Wrestling With Literature
By: James Hold
A prehistoric caveman is discovered in a block of ice and, after thawing, finds success as a professional wrestler. Disappointed with the decadence of the modern world, he shuts himself in a freezer, leaving behind a note requesting they not thaw him out again until a more respectable time.
Whoa, what's this? The plot for the next Duane Johnson movie? A proposed story treatment for the Big Show? No, it's "The Resurrection of Jimber-Jaw," a 1936 short story by Edgar Rice Burroughs. Burroughs was a huge wrestling fan and often wrote about attending arena matches in his non-fiction articles. There's even a chapter in Tarzan of the Apes, titled "Man's Reason," in which the young Tarzan, fighting the great ape Terkoz, stumbles upon the application of the full-nelson and uses it to make Terkoz submit. (So much for all those critics who thought Ken Patera and Chris Masters had weak finishers!)
For some reason, writers today have backed away from using wrestling moves in their stories. I suspect it's laziness on their part that they stick with describing the hero's rock-hard fists and a solid right to the jaw. How boring! Especially when a few simple (and legitimate) grappling holds could add an element of variety to a fight scene.
Things weren't always this way. Back in ancient times, wrestling was a respected part of a hero's repertoire. The Greek hero Theseus is credited as the founder of Pankrateon, the ancient grappling sport from which modern-day Pancrase evolved. Theseus used his wrestling skills to defeat the Minotaur. Hercules too, in the course of his Twelve Labors, was involved in many wrestling matches. The First Century poet Statius, describing Herc's fight with Antaios, tells how he lifted Antaios off the ground and then "…suddenly he set him back down and landed him on his side, and following the prostrate man encircled his neck with his right arm and his groin with his feet." [Statius, Thebaid IV]. All of which sounds very much like an Angle slam followed by a rear naked choke. Admittedly, the idea of Kurt Angle as a Greek scholar is a bit out there, although one can imagine Chris Masters reading Tarzan.
Arguably the most famous wrestling match of early times involved Jacob's struggle with an angel. As told in Genesis, chapter 32, Jacob, whose Hebrew name actually meant "heel," wrestled the angel all night (talk about your iron-man matches!), at last catching him in a hold that the angel could not break, although the angel did manage to injure Jacob by striking his hip joint with his free hand. (The Bible never says exactly what that unbreakable hold was, but given the angel had only one free hand with which to mount an offense, I'd go with Sgt. Slaughter's Cobra Clutch.) That match resulted in Jacob's face turn as he changed his name to Israel, "for I have struggled [wrestled] with God and seen him face to face."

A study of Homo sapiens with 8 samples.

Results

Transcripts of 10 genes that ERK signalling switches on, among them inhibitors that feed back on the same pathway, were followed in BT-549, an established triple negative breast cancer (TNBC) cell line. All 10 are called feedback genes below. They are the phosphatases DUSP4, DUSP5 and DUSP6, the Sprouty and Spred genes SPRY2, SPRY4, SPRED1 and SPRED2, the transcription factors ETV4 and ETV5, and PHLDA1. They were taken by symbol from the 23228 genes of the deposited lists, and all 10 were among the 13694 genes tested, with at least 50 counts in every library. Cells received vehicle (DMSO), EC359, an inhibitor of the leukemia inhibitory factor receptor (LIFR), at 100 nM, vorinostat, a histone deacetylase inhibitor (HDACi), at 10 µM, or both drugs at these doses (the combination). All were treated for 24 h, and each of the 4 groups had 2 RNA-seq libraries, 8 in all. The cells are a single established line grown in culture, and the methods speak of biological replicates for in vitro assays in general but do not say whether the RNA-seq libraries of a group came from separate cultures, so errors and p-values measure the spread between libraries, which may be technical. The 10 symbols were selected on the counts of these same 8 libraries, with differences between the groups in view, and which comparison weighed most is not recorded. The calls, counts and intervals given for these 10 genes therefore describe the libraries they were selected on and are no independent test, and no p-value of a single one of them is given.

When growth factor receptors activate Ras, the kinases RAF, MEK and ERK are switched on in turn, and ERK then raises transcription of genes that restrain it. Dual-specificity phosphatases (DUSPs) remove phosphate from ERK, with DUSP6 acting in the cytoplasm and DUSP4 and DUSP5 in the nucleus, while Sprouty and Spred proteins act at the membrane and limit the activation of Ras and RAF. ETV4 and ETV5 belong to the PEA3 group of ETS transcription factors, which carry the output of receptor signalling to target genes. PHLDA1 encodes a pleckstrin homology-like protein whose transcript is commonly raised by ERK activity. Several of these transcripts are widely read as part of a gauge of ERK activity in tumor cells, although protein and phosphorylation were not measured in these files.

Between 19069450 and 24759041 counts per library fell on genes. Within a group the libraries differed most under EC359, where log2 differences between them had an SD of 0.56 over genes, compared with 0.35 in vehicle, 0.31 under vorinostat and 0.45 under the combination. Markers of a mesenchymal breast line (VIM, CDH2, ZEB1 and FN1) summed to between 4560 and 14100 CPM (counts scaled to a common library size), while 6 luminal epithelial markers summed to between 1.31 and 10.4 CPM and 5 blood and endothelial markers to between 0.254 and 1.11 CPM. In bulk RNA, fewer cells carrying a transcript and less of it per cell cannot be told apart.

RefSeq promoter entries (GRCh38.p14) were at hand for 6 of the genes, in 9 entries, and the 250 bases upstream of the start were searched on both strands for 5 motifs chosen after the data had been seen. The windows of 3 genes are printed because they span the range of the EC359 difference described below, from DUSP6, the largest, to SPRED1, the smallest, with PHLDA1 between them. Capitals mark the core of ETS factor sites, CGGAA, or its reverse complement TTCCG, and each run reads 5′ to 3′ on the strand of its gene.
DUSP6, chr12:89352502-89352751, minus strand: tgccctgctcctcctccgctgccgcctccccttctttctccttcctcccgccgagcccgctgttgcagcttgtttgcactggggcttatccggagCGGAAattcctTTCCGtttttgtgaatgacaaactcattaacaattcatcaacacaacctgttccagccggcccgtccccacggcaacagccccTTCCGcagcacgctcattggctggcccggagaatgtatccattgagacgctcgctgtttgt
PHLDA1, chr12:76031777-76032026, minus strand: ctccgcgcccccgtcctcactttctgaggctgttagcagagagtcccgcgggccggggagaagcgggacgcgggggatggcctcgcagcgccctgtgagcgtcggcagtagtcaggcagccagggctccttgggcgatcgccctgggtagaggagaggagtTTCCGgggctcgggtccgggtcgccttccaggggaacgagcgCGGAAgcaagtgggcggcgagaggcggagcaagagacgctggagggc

Wow! And to think there are still people out there who say it all goes back to the days of Gorgeous George.
So, what happened? Why did modern writers abandon wrestling? Or if not abandon, tone it down considerably.
Was it the stigma of wrestling being "fake" as opposed to boxing being "pure"? Or was it just easier to write about a straight right jab as opposed to describing the application and effects of an overhand wristlock?
During the pulp era of the 1930's there were magazines specializing in fight stories. These did feature an occasional wrestling story, usually presented humorously with the protagonists as dumb oafs. However, the majority of fight stories concerned themselves with boxing.
Not that they were all bad. The Sailor Steve stories of Robert E. Howard were wonderfully entertaining and funny; with much of the action taking place either prior to or immediately following his protagonist's bouts. Did Vince McMahon read Robert E. Howard to get the idea of skits between matches? Probably not, since it is an established fact that McMahon (with a little help from Hulk Hogan) created everything that has anything to do with the modern day product.
So what is a poor reader to do who wants to read action stories but is tired of the same old boring fisticuffs?
Well... With all due modesty may I suggest my own Out of Texas book series about a cat-turned-human who finds employment as a professional wrestler? It's a mixture of action, science fiction, humor, parody and more all set against the backdrop of a struggling professional wrestling promotion. The entire series, now in its sixth installment, is available in Amazon Kindle format, by clicking this link, for the very reasonable price of 99 cents each. Check one out and see what you think.
When not contributing to When It Was Cool, James Hold sits around the house listening to psychedelic-garage-surf music while watching Japanese monster movies. His articles have appeared in many top magazines, "a" and "the" being the most popular.